By; OLADELE ADEDAYO, Ado-Ekiti
The Diocese of Ekiti West, Church of Nigeria (Anglican Communion), has expressed worry over upsurge in violence and criminal activities in the country.
The Diocese at the Second Session of its 7th Synod urged the Federal Government to reconsider the recommendation of the 2014 National Conference Report on the creation of State Police.
The Synod which held at St. Paul’s Anglican Church, Erijiyan-Ekiti, was presided over by the Diocesan Bishop, the Rt. Rev. Rufus Ajileye Adepoju,and had as its theme “Occupy Till I Come.”
According to a communiqué issued at the end of the synod which was made available to our correspondent on Monday, the church deplored the unending spate of kidnapping, banditry and terrorism in the country.
It tasked the Federal Government to ensure the release of Leah Sharibu, the remaining Chibok schoolgirls and other Nigerians in captivity of insurgents and kidnappers across the country.
The Church stressed that the freedom of the hostages must be secured “even if it means engaging the services of international negotiators.”
The Synod advised the Federal Government to address the root cause of insecurity by providing employment opportunities for the youth and bridging the gap between the rich and the poor on the society.
It further expressed dismay that there is no improvement in the nation’s health sector which engender medical tourism abroad by privileged Nigerians leaving the leas privileged ones to their fate of making do with inadequate medical facilities available locally.
The communiqué reads in part: “Synod thanks the Almighty God that Nigeria survived the potentially volatile general elections that held earlier in the year. The palpable fear of possibility of total breakdown of laws and order was divinely averted.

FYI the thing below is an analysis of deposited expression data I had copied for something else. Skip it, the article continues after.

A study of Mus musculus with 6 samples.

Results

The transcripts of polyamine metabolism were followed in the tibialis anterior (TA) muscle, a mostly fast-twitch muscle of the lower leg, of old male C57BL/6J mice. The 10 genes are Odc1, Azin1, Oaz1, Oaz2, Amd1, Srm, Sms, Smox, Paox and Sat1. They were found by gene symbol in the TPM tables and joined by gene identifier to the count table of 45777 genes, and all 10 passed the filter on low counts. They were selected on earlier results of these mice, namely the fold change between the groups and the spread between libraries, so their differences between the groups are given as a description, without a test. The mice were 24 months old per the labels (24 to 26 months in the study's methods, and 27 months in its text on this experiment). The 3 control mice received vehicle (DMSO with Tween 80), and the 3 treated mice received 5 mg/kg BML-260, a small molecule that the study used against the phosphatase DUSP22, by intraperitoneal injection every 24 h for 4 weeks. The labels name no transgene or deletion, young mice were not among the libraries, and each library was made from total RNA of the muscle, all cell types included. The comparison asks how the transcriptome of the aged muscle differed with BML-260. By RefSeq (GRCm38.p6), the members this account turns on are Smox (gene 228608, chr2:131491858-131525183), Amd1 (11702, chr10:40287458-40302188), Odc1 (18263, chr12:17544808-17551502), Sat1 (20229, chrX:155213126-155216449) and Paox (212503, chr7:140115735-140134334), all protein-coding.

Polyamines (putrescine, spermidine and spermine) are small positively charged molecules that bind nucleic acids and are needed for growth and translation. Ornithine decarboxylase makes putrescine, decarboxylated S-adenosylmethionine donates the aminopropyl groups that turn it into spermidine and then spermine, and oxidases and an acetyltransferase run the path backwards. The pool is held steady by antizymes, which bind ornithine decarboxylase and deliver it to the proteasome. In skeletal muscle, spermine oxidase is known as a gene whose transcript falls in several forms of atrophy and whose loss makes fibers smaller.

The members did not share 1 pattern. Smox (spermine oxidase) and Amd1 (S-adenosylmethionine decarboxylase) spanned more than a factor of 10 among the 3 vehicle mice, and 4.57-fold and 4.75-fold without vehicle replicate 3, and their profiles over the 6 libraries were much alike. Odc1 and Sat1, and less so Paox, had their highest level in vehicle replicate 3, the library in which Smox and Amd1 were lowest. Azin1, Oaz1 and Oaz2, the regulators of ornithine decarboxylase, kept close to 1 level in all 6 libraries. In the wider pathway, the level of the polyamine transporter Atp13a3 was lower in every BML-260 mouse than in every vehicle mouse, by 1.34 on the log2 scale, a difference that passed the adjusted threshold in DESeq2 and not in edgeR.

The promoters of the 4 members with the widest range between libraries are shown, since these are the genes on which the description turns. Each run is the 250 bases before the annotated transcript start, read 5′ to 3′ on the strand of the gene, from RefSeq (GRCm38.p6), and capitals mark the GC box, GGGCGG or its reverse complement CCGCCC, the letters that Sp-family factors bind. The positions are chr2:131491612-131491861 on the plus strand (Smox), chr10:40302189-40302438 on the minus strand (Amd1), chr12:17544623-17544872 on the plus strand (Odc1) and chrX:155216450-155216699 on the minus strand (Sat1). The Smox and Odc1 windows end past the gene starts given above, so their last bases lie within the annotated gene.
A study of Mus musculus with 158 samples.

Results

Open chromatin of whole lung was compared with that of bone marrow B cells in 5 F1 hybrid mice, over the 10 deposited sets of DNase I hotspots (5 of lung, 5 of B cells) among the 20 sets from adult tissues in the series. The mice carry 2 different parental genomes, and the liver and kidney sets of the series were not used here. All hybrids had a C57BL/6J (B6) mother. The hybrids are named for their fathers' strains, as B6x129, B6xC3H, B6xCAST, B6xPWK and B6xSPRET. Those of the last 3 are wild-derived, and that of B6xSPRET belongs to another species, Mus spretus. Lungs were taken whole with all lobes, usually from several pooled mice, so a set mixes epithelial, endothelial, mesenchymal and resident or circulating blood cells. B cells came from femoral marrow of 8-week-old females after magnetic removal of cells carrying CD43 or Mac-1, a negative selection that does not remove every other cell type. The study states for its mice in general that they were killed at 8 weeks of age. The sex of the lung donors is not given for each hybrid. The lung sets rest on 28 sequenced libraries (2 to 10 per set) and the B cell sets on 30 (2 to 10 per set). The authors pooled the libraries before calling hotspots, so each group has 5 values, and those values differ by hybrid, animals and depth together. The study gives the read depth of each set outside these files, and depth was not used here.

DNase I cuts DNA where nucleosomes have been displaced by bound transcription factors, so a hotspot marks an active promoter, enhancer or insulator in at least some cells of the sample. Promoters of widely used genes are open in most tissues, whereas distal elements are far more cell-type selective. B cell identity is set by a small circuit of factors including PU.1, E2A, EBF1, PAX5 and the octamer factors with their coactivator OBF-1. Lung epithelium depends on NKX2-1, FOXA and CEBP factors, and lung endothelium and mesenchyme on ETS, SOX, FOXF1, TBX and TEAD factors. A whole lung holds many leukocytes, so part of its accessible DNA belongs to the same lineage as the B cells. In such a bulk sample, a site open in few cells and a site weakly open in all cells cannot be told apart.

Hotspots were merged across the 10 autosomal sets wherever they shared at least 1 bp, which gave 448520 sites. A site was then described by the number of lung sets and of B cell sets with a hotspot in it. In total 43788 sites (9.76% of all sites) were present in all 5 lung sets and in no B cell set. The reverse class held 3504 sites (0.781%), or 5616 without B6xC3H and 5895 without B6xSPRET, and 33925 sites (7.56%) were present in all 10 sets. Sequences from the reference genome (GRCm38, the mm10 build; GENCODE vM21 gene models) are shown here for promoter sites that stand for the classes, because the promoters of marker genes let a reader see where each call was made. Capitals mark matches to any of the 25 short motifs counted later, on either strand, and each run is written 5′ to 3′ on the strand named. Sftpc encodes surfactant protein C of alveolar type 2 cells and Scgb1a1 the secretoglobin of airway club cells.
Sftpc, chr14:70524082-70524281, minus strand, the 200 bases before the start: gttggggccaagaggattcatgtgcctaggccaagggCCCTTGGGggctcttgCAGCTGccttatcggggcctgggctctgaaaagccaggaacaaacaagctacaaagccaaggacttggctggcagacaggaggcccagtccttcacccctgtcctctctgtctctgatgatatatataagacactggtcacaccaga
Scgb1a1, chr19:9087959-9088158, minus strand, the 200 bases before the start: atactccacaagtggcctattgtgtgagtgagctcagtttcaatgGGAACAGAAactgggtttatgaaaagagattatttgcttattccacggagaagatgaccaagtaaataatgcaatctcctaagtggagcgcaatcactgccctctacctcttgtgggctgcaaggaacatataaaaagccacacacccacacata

“Synod reiterates that politics is not a do or die affair and calls on politicians to desist from heating up the polity for the sake of their political ambitions.
“Synod challenges the three arms of government to respect the democratic principles of the rule of law and separation of powers.
“Synod decries the heightened state of insecurity in the country where lives are lost in their hundreds on a daily basis through banditry, kidnaps, and terrorism.
“Synod notes with dismay the admission by the Federal Government of Nigeria that some of these atrocities are perpetuated by arm-bearing foreigners who roam parts of the country freely.
“Synod urges the Federal Government of Nigeria to urgently address some of the root causes of the problem such as youth unemployment, the gap between the rich and the poor, corruption, failure of the education system, before there is a total collapse in the civil society.
“Synod calls on the Federal Government to reconsider the recommendation of the 2014 National Conference on the creation of State Police.
“Synod continues to call for actions to ensure the release of Leah Shaibu, the remaining Chibok girls and others who have been held captive for years, even if it means engaging the services of international negotiators.
“Synod warns of an imminent slide into another recession of the Nigerian economy and it urges the Government to take prompt and decisive steps to address the perennial electricity supply deficiency, which is paralyzing the Nigerian economy and social life.
“Synod lauds the efforts of the Federal Government of Nigeria in transforming the transportation sector with the ongoing construction of standard rail gauge lines across the country.
“Synod believes that provision of basic utilities would bring succour to ordinary Nigerians and calls on the Government to extend such gesture to other segments of the transportation sector, especially tarred roads.
“Synod applauds the Government on the increase in minimum wage from N18,000 to N30,000 and encourages the urgent implementation of the new law by all concerned.
“Synod calls on the government to look into its policies on agriculture to curb the widespread use of hazardous materials in agricultural practices in Nigeria.
“The parlous state of the education sector in Nigeria gives the Synod serious concerns, especially as it notes the deplorable state of infrastructure in that sector.
“Synod urges government at all levels to declare a state of emergency in the education sector forthwith.
“Synod notes with consternation the paralysis in the health sector and laments the dire situation where some fortunate Nigerians embark on medical tourism abroad, leading to serious capital flight, while the less fortunate ones are left to their faith with the prevailing inadequate medical facilities at home.
“Synod therefore urges government to pay more attention to the medical needs of all Nigerians.”